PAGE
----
The term poulaine evolved from the French term 'from Poland'. They were also called Cracows, as they were believed to originate in the city which is now Kraków. Their name refers specifically to the point of the shoe. Some of the shoes in our collection have points extending over 10 centimetres beyond the toe. In 1394 a monk of Evesham claimed some people wore shoes with pointed toes "half a yard in length [45 centimetres], thus it was necessary for them to be tied to the shin with chains of silver before they could walk with them".
Medieval people associated extravagant fashions, and pointed shoes in particular, with alternative or deviant sexualities. In the 12th century, Orderic Vitalis – a Benedictine English monk well regarded by historians – wrote that those who wore pointed shoes “gave themselves up to sodomitic filth”, and that young men who wore them also had “long luxurious locks like women,” and “over-tight shirts and tunics”.
These slightly ridiculous shoes were the height of fashion from the 14th to 16th centuries. Although it seems absurd, you can actually see depictions of medieval knights wearing poulaines into battle – though their armourers would have to cut the toes off of the shoe so knights could still run in them.
As with many fashion movements before and since, this new trend was a controversial one to some people. Specifically, it was controversial because the church began to attack pointed shoes as contributing directly to people's sexual proclivities. That's right, the poulaine was seen to encourage what the medieval church referred to as sodomy: this was a catch-all term for any sex considered non-standard. The term "sodomite" was doled out generously to people, regardless of their gender, as and when they were accused of deviant sexual proclivities.
In 1348 the Black Death arrived in London, beginning an outbreak of plague that would kill approximately 40,000 people, somewhere between a third and half of the city's population. Clerics claimed that this was a divine punishment, the plague sent by God to punish Londoners for their sins, especially sexual sins. London's fashion scene became a symbol of that sin.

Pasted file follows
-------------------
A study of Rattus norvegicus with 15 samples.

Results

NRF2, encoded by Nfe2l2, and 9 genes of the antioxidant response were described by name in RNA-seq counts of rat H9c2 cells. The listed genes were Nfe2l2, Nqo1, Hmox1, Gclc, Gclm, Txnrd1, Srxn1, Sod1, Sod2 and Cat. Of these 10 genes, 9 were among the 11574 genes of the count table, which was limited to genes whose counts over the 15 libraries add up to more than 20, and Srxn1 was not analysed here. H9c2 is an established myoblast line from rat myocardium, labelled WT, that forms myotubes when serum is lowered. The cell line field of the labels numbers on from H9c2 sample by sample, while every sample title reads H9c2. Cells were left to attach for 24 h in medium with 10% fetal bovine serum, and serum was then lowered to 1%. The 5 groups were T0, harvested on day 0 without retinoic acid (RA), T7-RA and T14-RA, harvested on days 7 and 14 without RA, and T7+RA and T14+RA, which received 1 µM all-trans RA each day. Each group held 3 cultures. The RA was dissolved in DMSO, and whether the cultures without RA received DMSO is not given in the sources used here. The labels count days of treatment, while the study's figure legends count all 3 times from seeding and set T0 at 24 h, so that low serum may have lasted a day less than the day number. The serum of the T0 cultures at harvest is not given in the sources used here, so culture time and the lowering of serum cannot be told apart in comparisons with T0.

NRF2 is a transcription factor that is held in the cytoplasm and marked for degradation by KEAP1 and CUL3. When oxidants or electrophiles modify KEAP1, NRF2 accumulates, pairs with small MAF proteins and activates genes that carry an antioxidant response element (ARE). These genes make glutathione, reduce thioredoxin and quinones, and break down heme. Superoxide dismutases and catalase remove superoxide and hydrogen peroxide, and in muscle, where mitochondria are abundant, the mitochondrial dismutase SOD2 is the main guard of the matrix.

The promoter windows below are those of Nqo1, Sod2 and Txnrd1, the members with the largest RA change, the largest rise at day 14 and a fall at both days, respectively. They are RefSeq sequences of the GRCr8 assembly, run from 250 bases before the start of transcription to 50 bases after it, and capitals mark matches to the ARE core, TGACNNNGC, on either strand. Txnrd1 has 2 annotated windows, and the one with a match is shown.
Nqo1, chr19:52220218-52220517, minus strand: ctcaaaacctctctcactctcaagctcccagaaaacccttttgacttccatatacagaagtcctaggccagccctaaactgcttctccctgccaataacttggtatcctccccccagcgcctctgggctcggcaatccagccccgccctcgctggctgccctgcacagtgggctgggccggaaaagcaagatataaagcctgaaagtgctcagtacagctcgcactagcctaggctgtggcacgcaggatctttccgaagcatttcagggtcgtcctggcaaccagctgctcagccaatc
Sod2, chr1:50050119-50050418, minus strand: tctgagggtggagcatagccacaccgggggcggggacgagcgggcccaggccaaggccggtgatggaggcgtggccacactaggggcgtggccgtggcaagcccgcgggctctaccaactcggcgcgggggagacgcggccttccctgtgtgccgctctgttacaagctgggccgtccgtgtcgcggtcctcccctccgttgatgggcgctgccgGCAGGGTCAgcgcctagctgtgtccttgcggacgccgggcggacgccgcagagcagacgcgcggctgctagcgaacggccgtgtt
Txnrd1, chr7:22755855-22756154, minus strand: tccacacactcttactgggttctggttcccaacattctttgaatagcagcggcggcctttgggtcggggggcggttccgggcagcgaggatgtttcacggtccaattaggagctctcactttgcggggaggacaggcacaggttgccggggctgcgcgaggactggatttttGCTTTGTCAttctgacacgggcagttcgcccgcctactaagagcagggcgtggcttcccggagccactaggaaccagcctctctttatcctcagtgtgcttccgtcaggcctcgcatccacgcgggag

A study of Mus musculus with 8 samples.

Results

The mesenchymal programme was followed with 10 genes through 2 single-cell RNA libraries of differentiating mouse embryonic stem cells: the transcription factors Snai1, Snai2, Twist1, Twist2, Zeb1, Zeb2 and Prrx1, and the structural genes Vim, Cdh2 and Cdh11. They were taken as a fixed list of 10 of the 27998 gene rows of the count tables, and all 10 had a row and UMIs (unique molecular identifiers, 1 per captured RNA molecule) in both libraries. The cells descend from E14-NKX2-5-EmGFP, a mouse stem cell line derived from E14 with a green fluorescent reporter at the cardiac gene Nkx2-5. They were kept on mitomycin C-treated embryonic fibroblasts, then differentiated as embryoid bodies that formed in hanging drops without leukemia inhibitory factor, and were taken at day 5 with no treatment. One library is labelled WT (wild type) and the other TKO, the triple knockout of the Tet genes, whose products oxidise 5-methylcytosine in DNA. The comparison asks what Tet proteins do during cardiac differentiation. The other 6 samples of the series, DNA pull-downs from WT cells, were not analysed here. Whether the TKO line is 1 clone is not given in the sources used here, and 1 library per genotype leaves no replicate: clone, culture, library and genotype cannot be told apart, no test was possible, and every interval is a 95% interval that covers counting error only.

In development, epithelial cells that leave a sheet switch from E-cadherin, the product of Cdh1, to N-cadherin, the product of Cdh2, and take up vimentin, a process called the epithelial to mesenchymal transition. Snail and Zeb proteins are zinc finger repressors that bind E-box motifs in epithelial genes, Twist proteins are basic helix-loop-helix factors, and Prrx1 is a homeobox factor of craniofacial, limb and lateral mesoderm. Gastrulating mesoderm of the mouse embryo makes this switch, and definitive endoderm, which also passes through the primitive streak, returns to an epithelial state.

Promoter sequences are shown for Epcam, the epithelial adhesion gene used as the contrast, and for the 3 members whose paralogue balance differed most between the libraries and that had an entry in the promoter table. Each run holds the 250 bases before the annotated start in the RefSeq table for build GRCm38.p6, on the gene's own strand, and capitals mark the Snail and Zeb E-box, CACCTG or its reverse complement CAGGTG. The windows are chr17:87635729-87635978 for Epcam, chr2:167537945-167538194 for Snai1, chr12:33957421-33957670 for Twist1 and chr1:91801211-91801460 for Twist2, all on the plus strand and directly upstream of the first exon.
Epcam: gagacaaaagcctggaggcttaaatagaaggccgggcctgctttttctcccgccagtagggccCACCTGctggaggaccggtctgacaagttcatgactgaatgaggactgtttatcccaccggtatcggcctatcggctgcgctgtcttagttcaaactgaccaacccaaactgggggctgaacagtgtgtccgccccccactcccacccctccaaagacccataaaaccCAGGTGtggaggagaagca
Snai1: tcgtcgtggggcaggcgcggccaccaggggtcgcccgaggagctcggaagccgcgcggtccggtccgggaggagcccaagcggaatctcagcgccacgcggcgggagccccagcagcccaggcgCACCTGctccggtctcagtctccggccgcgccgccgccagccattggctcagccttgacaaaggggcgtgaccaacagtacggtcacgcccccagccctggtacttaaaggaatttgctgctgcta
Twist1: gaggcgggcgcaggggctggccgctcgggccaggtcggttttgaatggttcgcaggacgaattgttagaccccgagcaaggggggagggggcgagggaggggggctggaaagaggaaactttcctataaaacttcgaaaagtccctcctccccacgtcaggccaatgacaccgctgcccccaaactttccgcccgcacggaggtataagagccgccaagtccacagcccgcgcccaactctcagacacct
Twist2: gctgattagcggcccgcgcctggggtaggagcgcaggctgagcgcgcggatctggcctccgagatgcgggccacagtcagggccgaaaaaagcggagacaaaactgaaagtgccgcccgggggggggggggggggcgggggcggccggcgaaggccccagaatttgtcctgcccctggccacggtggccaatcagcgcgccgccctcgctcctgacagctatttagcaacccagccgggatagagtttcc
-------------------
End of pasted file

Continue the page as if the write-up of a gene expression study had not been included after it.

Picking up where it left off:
As absurd as this accusation seems, there is a kind of reasoning behind it. The long point of the poulaine was regarded as phallic. They were mostly worn by young men, who used to stuff the toes of the shoe with wool or moss to make them harder. They would then stand on street corners and wiggle them suggestively at passerbys. It is said that if somebody wore poulaines with bells sewn to the ends of them, it indicated that the wearer was available for sexual frolics.
The idea of using fashion signifiers to advertise a sexuality considered deviant by society is a familiar one for the queer community. Other items in the Museum of London's collections have played a similar role through the ages, like a Labrys earring collected as recently as 1999.
Yet more seriously, in the eyes of the church, the great length of poulaines prevented people from being able to kneel, and therefore they prevented people from praying. Thus, they became the target of censure. Priests called them Satan's Claws.
In 1362, Pope Urban V passed an edict banning them, but it didn't really stop anybody from wearing them. England would proceed to pass sumptuary laws (laws governing dress and behaviour) which set out regulations for how long somebody's poulaines could be based on their station. Commoners were charged to wear shorter poulaines than barons and knights, who were regarded as less susceptible to the kind of “sodomitic filth” that the shoe encouraged.
It’s fascinating to interpret the important role that fashion was playing in a grimy, grim chapter of London’s history. It hints at Queer conversations of the period, that are so often overlooked. We might compare these medieval trends to the explosion of Queer influence on fashion and aesthetics throughout the 20th century and into the present day in London. There is a strong association between the sexual diversity of London’s population, and Queer contributions to the city’s vast and vibrant culture.